Something to Think About

What do our priorities and thoughts say about us?


photo by Anjana Suresh

photo by Anjana Suresh

photo by Anjana Suresh

Anjana Suresh, Copy Editor


The dawn of the new school year brings some degree of change for all of us, and with that change, we’re forced to reevaluate our priorities. Juniors have their hearts set on driving to school the day after they get their license. Highly motivated seniors apply to dozens of schools to maximize their chances of getting into the best school they possibly can. 

However, our priorities are often influenced by where we live, or in this case, socioeconomic status. The running joke at NA about us being the rich kids is especially popular among teachers. Some of my favorites from years past were the description of a $100 bill as “loose change,” or a helicopter as “a staple among NA families.” Part of the reason for said popularity is that the things we should really be grateful for tend to fall on the wayside sometimes. I overheard someone’s complaint in the hallway the other day about not getting the car they wanted, even though they received a brand-new car.

The polarized political climate we’re all surrounded by means that most people would choose to hear about constant shortcomings of either the President or the Democratic Party rather than significant events affecting 96% of the human race.”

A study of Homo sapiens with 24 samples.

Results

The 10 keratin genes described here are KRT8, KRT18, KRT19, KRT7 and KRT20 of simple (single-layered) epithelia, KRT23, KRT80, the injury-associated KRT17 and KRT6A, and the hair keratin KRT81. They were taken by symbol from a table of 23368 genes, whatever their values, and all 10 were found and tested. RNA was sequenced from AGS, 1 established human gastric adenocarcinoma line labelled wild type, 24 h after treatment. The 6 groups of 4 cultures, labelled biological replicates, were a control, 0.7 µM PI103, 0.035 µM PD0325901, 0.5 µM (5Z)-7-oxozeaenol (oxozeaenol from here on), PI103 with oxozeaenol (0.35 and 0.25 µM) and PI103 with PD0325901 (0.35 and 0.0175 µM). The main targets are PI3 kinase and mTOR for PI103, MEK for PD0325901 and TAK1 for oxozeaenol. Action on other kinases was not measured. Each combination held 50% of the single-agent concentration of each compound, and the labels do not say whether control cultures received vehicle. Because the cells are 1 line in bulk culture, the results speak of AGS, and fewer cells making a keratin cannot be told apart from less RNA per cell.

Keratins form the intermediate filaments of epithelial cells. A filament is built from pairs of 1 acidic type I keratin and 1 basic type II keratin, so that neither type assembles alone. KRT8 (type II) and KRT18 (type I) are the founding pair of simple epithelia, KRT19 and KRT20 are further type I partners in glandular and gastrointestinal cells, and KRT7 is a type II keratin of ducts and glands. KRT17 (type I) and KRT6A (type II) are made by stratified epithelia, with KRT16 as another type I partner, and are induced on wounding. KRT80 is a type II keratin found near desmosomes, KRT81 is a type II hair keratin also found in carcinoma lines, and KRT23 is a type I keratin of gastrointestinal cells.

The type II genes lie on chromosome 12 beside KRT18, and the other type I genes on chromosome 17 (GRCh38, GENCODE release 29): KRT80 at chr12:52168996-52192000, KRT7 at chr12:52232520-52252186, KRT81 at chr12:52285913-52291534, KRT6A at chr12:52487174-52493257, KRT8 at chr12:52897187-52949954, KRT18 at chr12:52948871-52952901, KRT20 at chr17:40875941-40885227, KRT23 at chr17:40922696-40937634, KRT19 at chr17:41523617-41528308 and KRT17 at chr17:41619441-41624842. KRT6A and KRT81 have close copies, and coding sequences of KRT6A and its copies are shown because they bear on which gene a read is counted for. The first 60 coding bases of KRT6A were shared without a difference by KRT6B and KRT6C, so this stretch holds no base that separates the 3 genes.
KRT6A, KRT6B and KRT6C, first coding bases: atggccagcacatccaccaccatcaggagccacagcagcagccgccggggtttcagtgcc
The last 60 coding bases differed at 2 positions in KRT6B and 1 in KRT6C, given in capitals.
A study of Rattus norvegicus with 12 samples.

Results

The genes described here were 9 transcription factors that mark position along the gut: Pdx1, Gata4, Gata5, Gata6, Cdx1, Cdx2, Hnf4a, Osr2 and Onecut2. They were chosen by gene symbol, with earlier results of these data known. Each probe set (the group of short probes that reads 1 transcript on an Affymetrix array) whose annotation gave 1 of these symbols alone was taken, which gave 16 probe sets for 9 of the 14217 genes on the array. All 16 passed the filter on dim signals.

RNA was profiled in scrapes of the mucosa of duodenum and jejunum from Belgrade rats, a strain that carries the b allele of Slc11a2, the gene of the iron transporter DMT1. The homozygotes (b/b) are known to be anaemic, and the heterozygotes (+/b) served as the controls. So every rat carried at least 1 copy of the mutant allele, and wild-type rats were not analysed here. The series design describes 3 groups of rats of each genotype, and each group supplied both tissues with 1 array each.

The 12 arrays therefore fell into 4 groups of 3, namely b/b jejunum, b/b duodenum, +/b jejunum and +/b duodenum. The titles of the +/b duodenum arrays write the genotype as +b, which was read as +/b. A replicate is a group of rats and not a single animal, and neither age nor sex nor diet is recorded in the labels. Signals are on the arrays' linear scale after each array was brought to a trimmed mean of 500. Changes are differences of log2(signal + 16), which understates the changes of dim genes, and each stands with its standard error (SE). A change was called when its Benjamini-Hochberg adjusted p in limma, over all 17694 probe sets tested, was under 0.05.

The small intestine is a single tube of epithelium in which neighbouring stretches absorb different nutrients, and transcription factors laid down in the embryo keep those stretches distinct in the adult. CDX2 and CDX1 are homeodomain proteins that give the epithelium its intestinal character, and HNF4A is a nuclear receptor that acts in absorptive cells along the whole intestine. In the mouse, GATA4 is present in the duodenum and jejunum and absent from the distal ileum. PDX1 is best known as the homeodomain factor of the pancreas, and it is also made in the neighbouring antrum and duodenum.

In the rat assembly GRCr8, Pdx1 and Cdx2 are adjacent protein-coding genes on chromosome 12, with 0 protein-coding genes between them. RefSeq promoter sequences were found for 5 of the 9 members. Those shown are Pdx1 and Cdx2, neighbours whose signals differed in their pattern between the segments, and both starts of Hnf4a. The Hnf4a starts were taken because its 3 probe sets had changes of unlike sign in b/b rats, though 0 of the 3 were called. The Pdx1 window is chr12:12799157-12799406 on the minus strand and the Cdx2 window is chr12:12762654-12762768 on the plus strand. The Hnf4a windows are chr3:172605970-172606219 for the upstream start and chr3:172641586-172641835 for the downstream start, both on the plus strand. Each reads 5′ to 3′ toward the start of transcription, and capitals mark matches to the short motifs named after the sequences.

Priorities can vary from person to person; however, a lot can be said about what affects groups of people. My parents always voice their concern about the lack of world affairs being broadcast in our news nowadays, but the reason is simple. The polarized political climate we’re all surrounded by means that most people would choose to hear about constant shortcomings of either the President or the Democratic Party rather than significant events affecting 96% of the human race.

What about the thoughts we don’t vocalize? They’re obviously less important, but still relevant. We went over the definition of Freudian slip in AP Psychology a few days ago, and I thought it fits in well in this context. We say something we really didn’t mean to — a simple slip of the tongue — or could that word or phrase secretly more important to us than what we were actually trying to say?

Personally, I’m always thinking about something, to the point where I overthink or over-analyze something extremely simple. I can’t sit still if there isn’t something to think about. I have to have the perfect sentence spelled out in my head before my fingers can even touch the keyboard. Not because I’m a perfectionist — it’s simply important to me. 

I’m a numbers person; there’s always a subconscious effort to quantify all of my thoughts. I check the time. It’s 1:21. My thought process takes off from there. That means there are nine minutes until 1:30, 39 minutes until 2:00, and then ten hours until midnight. Ten hours is 600 minutes, which is about 15 times the time from 1:21 to 2:00. None of that means anything to me, but sharing it now says something about who I am.

Something that you think is the end-all-be-all can be extremely trivial for someone else, or vice versa. Regardless of what you devote your time and attention to, putting things into perspective is imperative. Doing so allows us to interact with and understand larger groups of people as we navigate the path of life.